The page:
52% want Kennedy’s replacement on the Supreme Court to support abortion rights, while 29% said the opposite.
By a more than 2-1 margin, voters said candidates’ qualifications should be more important than how they might rule on social and political issues.
With questions about precedent and Roe v. Wade set to feature heavily in the debate around the upcoming confirmation process for Supreme Court Justice Anthony Kennedy’s successor, a new Morning Consult/Politico poll finds most voters want his replacement to support abortion rights.
According to the online survey, conducted June 28-29 — after Kennedy, 81, announced he was retiring from the bench — 52 percent of respondents said they hoped the next justice would support abortion rights. That includes 73 percent of Democrats and 49 percent of independents. For independents, that was more than double the share (24 percent) who said the next justice should oppose abortion rights.
Twenty-nine percent of voters, including 54 percent of Republicans, said they hope the next justice would oppose abortion rights, while 31 percent of GOP voters said the opposite. The survey of 1,990 registered voters carries a margin of error of plus or minus 2 percentage points.
While Kennedy has not been a full-throated supporter of abortion rights, he voted in 1992 to affirm Roe v. Wade, the 1973 landmark decision that secured the constitutional right to have an abortion.
After Senate Republicans changed the rules last year, Supreme Court nominees now require a simple majority in the Senate for confirmation, rather than the original 60-vote threshold. The GOP holds a one-seat edge over their Democratic counterparts, 51-49, and with Sen. John McCain (R-Ariz.) in Arizona undergoing treatment for brain cancer, Senate Majority Leader Mitch McConnell (R-Ky.) has little room for error on the vote.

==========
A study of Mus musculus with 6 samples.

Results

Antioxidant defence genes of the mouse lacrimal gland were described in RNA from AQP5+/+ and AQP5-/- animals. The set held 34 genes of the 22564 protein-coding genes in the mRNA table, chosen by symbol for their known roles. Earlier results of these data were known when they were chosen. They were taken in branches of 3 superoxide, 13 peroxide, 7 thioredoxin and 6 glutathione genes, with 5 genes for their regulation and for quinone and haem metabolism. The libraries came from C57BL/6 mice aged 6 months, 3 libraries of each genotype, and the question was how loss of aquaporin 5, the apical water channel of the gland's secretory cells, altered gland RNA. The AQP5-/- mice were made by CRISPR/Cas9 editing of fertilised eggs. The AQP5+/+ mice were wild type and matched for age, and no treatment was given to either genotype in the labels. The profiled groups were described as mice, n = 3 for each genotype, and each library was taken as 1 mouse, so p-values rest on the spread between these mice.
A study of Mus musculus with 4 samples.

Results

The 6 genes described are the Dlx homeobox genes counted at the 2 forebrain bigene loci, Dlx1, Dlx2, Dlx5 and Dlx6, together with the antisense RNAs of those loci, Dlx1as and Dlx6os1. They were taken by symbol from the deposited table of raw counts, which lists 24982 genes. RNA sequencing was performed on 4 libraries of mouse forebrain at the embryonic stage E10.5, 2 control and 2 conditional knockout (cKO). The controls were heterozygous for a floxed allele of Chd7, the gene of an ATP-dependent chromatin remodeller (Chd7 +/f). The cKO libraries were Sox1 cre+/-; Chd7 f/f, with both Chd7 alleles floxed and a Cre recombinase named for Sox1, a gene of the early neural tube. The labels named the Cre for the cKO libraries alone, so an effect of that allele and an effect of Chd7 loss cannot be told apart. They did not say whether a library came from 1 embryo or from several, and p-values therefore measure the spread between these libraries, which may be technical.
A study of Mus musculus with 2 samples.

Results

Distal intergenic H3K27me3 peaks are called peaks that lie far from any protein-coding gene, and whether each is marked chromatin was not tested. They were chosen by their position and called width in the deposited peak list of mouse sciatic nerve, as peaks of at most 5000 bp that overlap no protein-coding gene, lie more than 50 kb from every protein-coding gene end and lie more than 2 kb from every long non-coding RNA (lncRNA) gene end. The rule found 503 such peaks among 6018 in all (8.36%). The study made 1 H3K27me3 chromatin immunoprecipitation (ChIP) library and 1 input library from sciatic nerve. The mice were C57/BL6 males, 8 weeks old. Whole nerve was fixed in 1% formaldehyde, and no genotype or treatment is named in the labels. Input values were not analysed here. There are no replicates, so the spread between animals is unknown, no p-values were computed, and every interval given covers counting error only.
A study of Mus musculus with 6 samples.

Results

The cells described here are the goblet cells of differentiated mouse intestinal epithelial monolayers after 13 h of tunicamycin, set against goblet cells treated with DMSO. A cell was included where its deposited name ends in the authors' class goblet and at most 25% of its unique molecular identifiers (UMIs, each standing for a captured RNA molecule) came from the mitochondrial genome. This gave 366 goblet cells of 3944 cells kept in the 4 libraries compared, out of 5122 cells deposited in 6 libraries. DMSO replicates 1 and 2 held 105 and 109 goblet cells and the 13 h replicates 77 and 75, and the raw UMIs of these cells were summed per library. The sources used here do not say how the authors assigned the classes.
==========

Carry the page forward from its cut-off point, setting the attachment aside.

Sen. Susan Collins, a Republican moderate from Maine and a key vote in the chamber, said Sunday on ABC’s “This Week” that a “candidate for this important position who would overturn Roe v. Wade would not be acceptable to me, because that would indicate an activist agenda that I don’t want to see a judge have.”
While the new poll shows most voters prefer a judge who supports abortion rights, it also indicates they think senators should be more concerned about a candidate’s legal chops than his or her policy positions.
Sixty-one percent of voters said senators should base their vote primarily on whether a Supreme Court nominee is qualified to serve, while 24 percent said what matters is where the candidate stands on political and social issues that might come before the court.